From timeless icons to everyday essentials, Crucial Cars examines the vehicles we can’t live without. In this installment, we explore the unstoppable beast that is the Ford Super Duty F-250.
2011 Ford F-250 Super Duty
When it comes to geography and trucks, bigger is always better. Just ask the people of Texas, or Ford Super Duty F-250 owners. The Ford F-150 pickup is enough muscle for most weekend warriors towing the occasional camper, horse trailer, or boat for a weekend getaway. The same holds true for drivers hauling a bed full of hay bales, mulch for the flower beds, or a relative’s furniture. But when the game shifts to towing bigger, heavier loads more frequently, that’s when truck drivers opt for the big guns – the Ford Super Duty F-250.
V8 Car Engine
Super Duty – it wasn’t a truck first
The Ford Super Duty F-250 debuted in 1998 with the ’99 model year. Those early models featured distinct styling – including unique headlamps and grilles – with countless Ford Super Duty F-250 accessories, still available today, that help it stand out from its less powerful F-150 brethren. That first 250 featured a 5.4 liter V-8 delivering 255 horsepower and 350 pounds of torque, with available options including a 6.8 liter V-10 or a 7.3 liter turbodiesel.
Fittingly, since the 250’s branding and performance focus on power, the Super Duty moniker first appeared on the scene in 1958 not as a truck but rather as a big, weighty engine producing high torque at low RPMs. And this engine was never designed for the light-duty tasks of transporting kids to a Saturday morning soccer game or hauling a couple of bags of potting soil and some plants. No, this beast of an engine worked hard and was usually found only in industrial-type vehicles such as buses, dump trucks, garbage trucks, and cement mixers.
Forty years later, the first Ford Super Duty F-250 model would seem a fitting way to honor an engine similarly designed for heavy lifting and hard work.
2015 Ford Super Duty F-250
Towing capacity is what matters
Ford says, “90 percent of all Super Duty trucks are purchased by customers who tow often.” That’s the main reason truck marketing, and particularly Ford Heavy Duty ads, emphasize towing capacity. But just how much can they tow? 12,500 pounds – and that’s just for starters.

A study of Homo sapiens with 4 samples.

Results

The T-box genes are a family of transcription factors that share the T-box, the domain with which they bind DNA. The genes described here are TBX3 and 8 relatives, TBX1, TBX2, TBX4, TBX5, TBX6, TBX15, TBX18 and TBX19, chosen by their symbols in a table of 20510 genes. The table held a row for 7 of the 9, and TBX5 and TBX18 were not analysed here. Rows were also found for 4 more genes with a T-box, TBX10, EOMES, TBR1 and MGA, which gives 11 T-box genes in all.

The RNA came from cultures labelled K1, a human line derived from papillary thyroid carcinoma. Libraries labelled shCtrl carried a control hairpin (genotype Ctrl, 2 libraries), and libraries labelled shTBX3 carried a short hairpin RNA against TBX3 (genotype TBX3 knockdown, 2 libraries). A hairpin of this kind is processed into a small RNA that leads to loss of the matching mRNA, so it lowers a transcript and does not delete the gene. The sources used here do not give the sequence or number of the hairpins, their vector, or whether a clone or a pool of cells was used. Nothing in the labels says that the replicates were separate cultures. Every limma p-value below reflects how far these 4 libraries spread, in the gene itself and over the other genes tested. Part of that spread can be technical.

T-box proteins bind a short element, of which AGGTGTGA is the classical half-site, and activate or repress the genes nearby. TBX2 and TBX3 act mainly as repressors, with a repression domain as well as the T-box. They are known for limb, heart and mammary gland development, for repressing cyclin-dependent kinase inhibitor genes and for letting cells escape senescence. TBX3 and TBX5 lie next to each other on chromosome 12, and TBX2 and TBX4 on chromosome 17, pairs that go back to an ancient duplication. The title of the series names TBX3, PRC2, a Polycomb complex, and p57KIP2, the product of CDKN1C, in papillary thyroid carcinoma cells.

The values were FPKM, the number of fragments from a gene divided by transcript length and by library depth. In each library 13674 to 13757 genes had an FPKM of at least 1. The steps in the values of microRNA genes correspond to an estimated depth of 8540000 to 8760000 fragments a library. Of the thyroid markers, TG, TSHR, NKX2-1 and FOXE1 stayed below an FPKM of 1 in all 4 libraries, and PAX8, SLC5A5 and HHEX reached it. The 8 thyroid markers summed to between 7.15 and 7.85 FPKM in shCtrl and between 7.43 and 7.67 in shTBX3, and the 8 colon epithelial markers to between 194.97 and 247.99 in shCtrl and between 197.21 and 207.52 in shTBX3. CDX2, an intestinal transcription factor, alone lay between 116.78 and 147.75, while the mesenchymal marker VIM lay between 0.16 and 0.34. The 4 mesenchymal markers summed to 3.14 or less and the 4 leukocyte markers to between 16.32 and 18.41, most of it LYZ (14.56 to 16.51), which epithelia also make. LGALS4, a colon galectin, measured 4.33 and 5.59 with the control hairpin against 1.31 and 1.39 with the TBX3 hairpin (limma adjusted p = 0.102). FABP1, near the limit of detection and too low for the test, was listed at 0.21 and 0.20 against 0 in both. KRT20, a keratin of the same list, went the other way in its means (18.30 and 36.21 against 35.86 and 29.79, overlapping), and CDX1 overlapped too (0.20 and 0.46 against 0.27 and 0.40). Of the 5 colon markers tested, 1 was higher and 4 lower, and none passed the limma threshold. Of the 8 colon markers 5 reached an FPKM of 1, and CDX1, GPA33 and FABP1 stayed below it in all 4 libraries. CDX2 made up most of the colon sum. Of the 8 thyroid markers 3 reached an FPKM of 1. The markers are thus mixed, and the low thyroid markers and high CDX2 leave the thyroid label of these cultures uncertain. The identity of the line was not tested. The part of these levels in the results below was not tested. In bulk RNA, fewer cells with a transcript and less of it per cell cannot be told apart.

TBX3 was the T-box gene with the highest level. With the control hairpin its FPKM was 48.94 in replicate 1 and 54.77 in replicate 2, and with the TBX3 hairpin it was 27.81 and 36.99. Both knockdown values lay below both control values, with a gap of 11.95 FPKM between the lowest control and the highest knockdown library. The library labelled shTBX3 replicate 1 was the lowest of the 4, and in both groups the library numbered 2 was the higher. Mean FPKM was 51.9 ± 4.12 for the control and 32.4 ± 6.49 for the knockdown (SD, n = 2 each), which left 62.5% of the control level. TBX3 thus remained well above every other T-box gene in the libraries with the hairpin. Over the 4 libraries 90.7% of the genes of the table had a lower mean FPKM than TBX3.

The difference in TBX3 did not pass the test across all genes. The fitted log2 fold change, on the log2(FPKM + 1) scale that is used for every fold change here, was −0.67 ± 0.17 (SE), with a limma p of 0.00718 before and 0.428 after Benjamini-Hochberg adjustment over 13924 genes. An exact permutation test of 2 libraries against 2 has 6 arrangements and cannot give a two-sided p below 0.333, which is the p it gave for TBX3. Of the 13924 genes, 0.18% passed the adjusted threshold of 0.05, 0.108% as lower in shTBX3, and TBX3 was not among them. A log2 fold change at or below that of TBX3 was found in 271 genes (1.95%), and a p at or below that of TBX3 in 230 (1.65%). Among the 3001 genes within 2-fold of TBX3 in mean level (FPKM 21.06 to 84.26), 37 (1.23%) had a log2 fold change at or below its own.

Pretty much across the board, any 2015 Super Duty F-250 sporting a 6.2 liter, gas, V-8, and a 3.73 gear ratio can tow 12,500 pounds using a standard hitch and ball setup, regardless of cab configuration . The only exceptions being the Super Cab 4x4 and Crew Cab 4x4 which max out at 12,400 pounds and 12,200 pounds, respectively.
Jump up to a 6.7 liter, Power Stroke Turbo Diesel V-8, however, and that towing capacity increases to 14,000 pounds for both the Super Cab and Crew Cab configurations. Add a 5th wheel gooseneck towing configuration and towing capacities climb higher still, topping out at 16,600 pounds for the Power Stroke Diesel, 4x2 with a 3.31 axle ratio. 2016 Ford Super Duty F-250
Which one of these is not like the others?
The Ford Super Duty F250 differs from its truck family members on both ends of the scale mainly in towing capacity. For example, the 2015 F-150 has a maximum towing capacity of 12,200 pounds, while a diesel F-350 or 450 can tow north of 26,000 pounds or 31,000 pounds, respectively, as compared to the F-250 topping out at close to 17,000 pounds.
The F-250’s distinct chrome-bar style grille featuring a huge Ford emblem, big telescoping mirrors, and available roof clearance lights also give the Ford Super Duty F250 a look that helps further distinguish it from its less-powerful sibling.
Ford got it right
The Ford Super Duty F-250 isn’t necessarily the right choice for every pickup truck driver out there, but Ford's lineup of impressive F-Series trucks continue to blast the competition out of the water. The F-250 Super Duty is no exception. It's no wonder why F-Series is the best-selling truck in America.
Editor’s note: If you’re searching for Ford Super Duty F-250 parts or accessories, stop by Advance Auto Parts for everything your truck needs. Buy online, pick up in store, and get back to the garage.